UK vice-chancellors fear sector has ‘never faced greater threats’
Ninety per cent of vice-chancellors feel UK universities have “never faced greater threats or uncertainties”, amid worsening relations with the Westminster government and the Office for Students in particular, but some envisage a more collaborative, region-focused future beyond markets and competition.
The findings come from the latest edition of PA Consulting’s annual survey of UK vice-chancellors, this year based on responses from 40 leaders, supplemented by 15 follow-up interviews, published on 12 October and shared exclusively with Times Higher Education.
“UK universities are facing unprecedented challenges on multiple fronts, beset by criticisms of the cost and quality of educational provision, poor post-graduation outcomes for students, culture wars on campuses, and unsustainable financial deficits,” says the survey report.
Ninety per cent of survey respondents agreed with the statement that “the UK university sector has never faced greater threats or uncertainties”.
In England, where the freeze in the tuition fee cap at £9,250 means a long-running real-terms cut in teaching funding, “40 per cent of respondents predict this [the freeze] could cause a decline in home student recruitment as degree provision becomes uneconomic”, says the report.
“The sector is in unprecedented times, and it is anybody’s guess how things will develop,” said one vice-chancellor quoted in the report. “There is no other sector where costs rise, and there is no potential to increase the unit of income.”
“While I have always been doubtful about the predicted financial collapse of universities in the UK, I do think that the outlook for quite a few institutions is grim,” said another.
Ian Matthias, higher education lead partner at PA Consulting, a co-author on the report, said the level of concern among leaders was “as high as it has been” over the 12 years of the company’s survey.
Alongside financial uncertainty, “crucially in this year’s report, so much of it [the concern] was focused on the fractious relationships with government and the regulators”, he added.
In England, “attitudes towards the relationship with the OfS [Office for Students] are negative, especially in the context of government ministers’ critical rhetoric”, says the report.
With home student recruitment now “loss-making”, with research funding not meeting full economic costs and with increasing barriers to international student recruitment arising from UK government rhetoric or policy, there was an increasing feeling among vice-chancellors that “the things that have got us through in the past are now starting to be counterproductive”, said Mike Boxall, senior adviser on higher education at PA Consulting and a co-author on the report.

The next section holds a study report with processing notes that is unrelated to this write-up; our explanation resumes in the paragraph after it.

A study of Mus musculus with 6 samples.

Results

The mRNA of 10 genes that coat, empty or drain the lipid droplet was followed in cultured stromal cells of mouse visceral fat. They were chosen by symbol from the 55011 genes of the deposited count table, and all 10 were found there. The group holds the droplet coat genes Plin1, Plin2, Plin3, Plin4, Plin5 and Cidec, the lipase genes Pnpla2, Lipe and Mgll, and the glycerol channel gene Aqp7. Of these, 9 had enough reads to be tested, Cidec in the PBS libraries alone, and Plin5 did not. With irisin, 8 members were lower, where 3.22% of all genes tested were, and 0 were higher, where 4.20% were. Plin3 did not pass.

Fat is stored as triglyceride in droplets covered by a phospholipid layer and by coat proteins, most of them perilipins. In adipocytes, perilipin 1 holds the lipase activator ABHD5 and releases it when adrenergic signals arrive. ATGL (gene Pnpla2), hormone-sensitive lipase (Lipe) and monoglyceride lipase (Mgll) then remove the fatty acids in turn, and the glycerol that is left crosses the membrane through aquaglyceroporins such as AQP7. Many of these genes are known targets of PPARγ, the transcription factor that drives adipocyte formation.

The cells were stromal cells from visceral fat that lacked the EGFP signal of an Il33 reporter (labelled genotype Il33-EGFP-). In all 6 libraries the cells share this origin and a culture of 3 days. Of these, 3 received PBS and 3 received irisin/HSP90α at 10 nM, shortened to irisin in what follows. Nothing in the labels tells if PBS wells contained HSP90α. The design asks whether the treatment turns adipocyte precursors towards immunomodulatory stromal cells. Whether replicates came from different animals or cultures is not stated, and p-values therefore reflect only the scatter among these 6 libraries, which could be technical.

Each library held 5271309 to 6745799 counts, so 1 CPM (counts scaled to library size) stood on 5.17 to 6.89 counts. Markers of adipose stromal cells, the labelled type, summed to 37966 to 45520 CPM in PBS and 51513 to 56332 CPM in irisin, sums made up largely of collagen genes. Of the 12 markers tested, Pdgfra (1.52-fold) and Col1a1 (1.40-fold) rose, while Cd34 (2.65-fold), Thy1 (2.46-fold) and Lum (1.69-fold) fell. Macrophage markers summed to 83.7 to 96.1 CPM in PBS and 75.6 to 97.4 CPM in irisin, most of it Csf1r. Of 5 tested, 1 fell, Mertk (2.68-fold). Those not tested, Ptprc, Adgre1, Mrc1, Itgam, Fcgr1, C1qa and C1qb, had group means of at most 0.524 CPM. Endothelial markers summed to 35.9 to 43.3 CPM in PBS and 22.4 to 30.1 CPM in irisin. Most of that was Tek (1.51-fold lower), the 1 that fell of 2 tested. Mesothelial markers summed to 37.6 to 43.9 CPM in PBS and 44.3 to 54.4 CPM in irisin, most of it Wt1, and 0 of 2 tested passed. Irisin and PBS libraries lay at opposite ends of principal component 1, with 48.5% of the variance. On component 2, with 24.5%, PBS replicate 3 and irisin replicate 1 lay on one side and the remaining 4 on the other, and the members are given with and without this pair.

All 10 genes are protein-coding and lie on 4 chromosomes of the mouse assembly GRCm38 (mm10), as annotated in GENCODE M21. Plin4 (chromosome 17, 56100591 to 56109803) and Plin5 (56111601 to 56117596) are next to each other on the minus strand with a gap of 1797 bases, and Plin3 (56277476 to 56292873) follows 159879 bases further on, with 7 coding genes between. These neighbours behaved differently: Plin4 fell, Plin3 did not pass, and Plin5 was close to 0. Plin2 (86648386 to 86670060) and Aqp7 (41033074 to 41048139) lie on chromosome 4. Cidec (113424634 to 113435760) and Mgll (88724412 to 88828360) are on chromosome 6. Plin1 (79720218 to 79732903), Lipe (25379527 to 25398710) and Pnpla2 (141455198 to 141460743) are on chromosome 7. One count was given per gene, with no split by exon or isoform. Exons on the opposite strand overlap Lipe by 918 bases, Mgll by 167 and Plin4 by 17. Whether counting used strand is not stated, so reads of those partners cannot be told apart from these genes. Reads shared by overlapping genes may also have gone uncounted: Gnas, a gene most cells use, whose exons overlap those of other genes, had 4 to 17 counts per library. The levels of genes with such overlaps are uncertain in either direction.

When it comes to solutions, 80 per cent of respondents agreed with the statement that “the university system needs to embrace fundamental reforms in order to survive”.
Interviewees often saw the turn towards the role of universities in their regional economies, including via civic university agreements with local authorities, local NHS trusts or further education colleges, “as the basis for more extensive city or regional higher and further education systems”.
Another solution envisaged by some lies in moves towards a more integrated tertiary system, as the Welsh government is encouraging via a new single regulator for post-16 education and university research. “Interviewees report that universities are building closer links with further education colleges, for example to franchise courses or co-ordinate pathways,” the report says.
“While untested, this new joined-up approach is a positive step towards integration, alignment, and improved learning pathways.”
Vice-chancellors are often seeking “much more open, collaborative, probably place-based systems”, said Mr Boxall. But they also reported that “the thing that gets in the way of that is competition”, he added. “There’s so much competition hard-wired into every element of [the system].”
According to the report, “Interviewees point to multiple examples of failed inter-provider collaborations and partnerships due to issues around institutional autonomy and market shares, and suggest shifting the focus of funding from activity and inputs to economic or social outcomes.”
Artificial intelligence is viewed by some leaders as another potential solution. “Over a third of respondents (35 per cent) think AI and global digital services will fundamentally change the higher education environment,” says the report.
Mr Matthias said: “It’s great hearing vice-chancellors talk about how they can use this technology to provide hyper-personalisation of [the student] experience and truly transform their business model. There’s still a long way to go when we compare ourselves to healthcare or financial services, but certainly vice-chancellors are picking up the baton on this.”
Overall, he continued, “there’s a feeling from vice-chancellors that no government is coming to their rescue, so they need to get on with it”, a spirit that left the report authors “feeling really optimistic about the future of the sector”.